No dough woe - Coe

OLYMPICS supremo Sebastian Coe insisted yesterday the North-East would not lose out because of the 2012 games – but admitted to a “shift in investment” away from culture and grass-roots sport.

OLYMPICS supremo Sebastian Coe insisted yesterday the North-East would not lose out because of the 2012 games – but admitted to a “shift in investment” away from culture and grass-roots sport.

On a visit to the region, he said this loss of cash would be outweighed “by a distance” by tourism generated by the London games.

Cash for Sport England North-East in 2007-08 is already £4.4m less than it was last year, while arts chiefs in the region are waiting to hear how the £63m national cuts to Arts Council funding will affect them.

But Lord Coe, chairman of the London 2012 Organising Committee, said opportunities for the North-East to benefit from the £9.33bn games would offset these cuts.

Culture bosses in the region were last night putting on a brave face, talking only of the “difficulties” cuts would create. They are waiting for a Government spending review due in October. But politicians called for a cap on lottery money being diverted to the Olympics – currently £2.2bn – so the “modest” amounts given to arts in the North-East were not put at risk.

Lord Coe visited Gateshead International Stadium, where children were taking part in the Tyne and Wear Festival of Sport, before going to the site of a 50-metre swimming pool being built in Sunderland.

He said: “In the five years between now and 2012, there are any number of opportunities that will present themselves that will, by a distance, outweigh the current shift in investment. If there is displacement beyond 2009, the benefits will outweigh that.

“When I have spoken to the cultural community, they have recognised that this is a huge opportunity. There will be thousands of people coming to the games who will want to see different parts of the country.

“They will want to see all the exciting things happening on the Quayside in Newcastle. We want to encourage a whole generation of young people to take up sport.”

A spokeswoman for Arts Council North-East said: “We are confident that the Government recognises the importance of
culture and this will be reflected in the next comprehensive spending review.

“I would say that it does cause difficulties to remove funding from the arts, especially for smaller organisations, but the Olympics provide a massive opportunity for England.”

Tyne & Wear Museums director Alec Coles said: “I think everyone working in the cultural sector should rise to the challenge posed by the Olympics. It’s a once in a lifetime thing. The cuts in funding have thrown out a challenge to the cultural sector, which we will rise to.”

Gateshead Council’s head of culture David Bunce said: “It is impossible to tell if there will be a shortfall in funding for the North-East, let alone its effect. We might have a clearer idea once the Government’s comprehensive spending review has been published.”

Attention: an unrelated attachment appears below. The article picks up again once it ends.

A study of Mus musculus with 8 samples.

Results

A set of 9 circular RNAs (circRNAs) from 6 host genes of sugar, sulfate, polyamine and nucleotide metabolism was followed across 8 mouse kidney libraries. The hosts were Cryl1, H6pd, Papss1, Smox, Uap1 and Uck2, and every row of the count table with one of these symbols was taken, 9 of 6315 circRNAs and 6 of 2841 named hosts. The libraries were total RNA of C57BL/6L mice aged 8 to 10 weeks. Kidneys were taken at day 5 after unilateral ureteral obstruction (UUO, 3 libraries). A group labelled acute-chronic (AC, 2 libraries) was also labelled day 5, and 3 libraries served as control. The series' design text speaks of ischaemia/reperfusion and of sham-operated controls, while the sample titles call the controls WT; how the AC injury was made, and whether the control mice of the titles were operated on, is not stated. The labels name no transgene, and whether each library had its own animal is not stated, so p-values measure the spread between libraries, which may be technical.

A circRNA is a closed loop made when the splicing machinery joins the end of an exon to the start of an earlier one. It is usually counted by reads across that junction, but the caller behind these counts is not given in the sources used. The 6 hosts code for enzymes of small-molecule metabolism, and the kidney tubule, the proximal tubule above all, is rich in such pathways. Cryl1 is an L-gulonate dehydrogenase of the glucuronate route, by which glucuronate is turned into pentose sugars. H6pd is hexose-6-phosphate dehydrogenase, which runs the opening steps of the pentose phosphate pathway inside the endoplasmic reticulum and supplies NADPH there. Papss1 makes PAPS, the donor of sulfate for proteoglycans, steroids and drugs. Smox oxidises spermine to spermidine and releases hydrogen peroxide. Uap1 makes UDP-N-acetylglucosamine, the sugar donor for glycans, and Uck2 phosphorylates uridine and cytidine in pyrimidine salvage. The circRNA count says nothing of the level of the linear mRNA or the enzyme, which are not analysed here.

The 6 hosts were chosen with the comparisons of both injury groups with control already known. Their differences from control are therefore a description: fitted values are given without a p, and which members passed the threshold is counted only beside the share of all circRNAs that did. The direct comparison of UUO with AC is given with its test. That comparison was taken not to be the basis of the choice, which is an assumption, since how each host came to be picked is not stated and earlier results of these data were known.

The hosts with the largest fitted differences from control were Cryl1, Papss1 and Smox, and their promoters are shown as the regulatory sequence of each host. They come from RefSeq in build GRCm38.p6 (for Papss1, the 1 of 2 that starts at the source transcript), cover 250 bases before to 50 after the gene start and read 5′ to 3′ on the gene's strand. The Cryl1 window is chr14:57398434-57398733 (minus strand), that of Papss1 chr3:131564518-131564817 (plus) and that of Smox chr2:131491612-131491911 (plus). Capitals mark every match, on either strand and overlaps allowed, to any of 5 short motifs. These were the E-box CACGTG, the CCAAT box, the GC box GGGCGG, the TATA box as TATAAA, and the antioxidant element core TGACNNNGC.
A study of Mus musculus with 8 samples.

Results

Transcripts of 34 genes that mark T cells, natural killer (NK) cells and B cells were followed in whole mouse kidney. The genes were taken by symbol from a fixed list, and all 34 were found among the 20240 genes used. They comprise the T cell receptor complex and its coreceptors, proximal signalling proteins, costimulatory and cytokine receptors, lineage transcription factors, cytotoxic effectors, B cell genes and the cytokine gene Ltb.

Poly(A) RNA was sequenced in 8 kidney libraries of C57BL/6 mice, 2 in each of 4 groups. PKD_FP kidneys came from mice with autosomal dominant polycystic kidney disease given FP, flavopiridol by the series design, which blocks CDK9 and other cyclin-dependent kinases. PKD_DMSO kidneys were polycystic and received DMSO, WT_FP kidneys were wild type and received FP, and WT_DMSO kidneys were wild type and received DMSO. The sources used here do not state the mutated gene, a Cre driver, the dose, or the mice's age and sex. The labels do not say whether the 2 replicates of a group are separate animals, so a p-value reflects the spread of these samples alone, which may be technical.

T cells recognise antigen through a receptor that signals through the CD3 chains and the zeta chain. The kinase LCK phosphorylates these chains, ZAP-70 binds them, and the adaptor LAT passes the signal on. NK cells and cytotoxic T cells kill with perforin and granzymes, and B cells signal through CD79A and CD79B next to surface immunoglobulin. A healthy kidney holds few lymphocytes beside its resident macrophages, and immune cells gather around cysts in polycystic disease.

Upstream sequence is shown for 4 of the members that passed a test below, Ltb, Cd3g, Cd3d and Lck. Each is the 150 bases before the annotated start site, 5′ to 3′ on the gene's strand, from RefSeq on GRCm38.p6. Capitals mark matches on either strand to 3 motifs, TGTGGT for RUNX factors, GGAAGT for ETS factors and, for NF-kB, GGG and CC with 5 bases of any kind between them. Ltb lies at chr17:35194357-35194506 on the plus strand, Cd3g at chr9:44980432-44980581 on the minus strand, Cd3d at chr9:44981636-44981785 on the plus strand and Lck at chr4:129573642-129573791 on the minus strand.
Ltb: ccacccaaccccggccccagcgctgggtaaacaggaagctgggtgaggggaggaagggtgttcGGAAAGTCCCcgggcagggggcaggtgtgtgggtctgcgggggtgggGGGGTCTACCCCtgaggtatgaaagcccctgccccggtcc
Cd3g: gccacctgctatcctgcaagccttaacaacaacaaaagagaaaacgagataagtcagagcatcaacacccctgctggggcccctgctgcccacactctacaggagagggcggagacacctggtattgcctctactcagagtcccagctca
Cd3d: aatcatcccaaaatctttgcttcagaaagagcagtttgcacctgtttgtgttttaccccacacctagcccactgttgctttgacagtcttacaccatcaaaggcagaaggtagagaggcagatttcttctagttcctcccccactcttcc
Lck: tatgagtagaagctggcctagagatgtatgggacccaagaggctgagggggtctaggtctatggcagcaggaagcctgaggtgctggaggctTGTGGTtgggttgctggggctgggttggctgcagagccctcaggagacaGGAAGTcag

North-East Liberal Democrat Euro-MP Fiona Hall said: “Everyone wants the Olympics to be a success, including people in the North-East, but it isn’t fair to keep raiding the lottery fund so that North-East arts and cultural events, which receive relatively modest funding anyway, are put at risk. …

“The arts have been at the centre of regeneration in the North-East and we don’t want to see that kind of investment jeopardised in the future.”


DOUBLE Olympic 1,500m champion Sebastian Coe remains one of the greatest athletes Britain has ever produced, setting 12 world records during his career.

When he broke the world record for the 1,000m in 1980, his time of 2:13.40, which he bettered in 1981 with 2:12.18, stood for the next 18 years.

At the Moscow Olympics in 1980, he won gold in the 1,500m and silver in the 800m, both of which he repeated in Los Angeles in 1984.

His track rivalry with Steve Ovett and Steve Cram still represents one of the golden eras of competitive athletics.

He retired in 1990, then in 1992 became Conservative MP for Falmouth and Camborne. He lost his seat in the 1997 general election but returned to politics for a short time as Conservative leader William Hague’s ‘chief of staff’.

In 2002, he was elevated to a Peerage as Lord Coe of Ranmore. He retains close links with his sport through a variety of national and international bodies and was appointed as a council member of the International Association of Athletics Federation (IAAF). He was appointed chairman of the London 2012 bid and then chairman of the London organising committee of the Olympic Games.

He was appointed a Knight Commander of the Order of the British Empire in the 2006 New Year’s Honours List, for services to sport.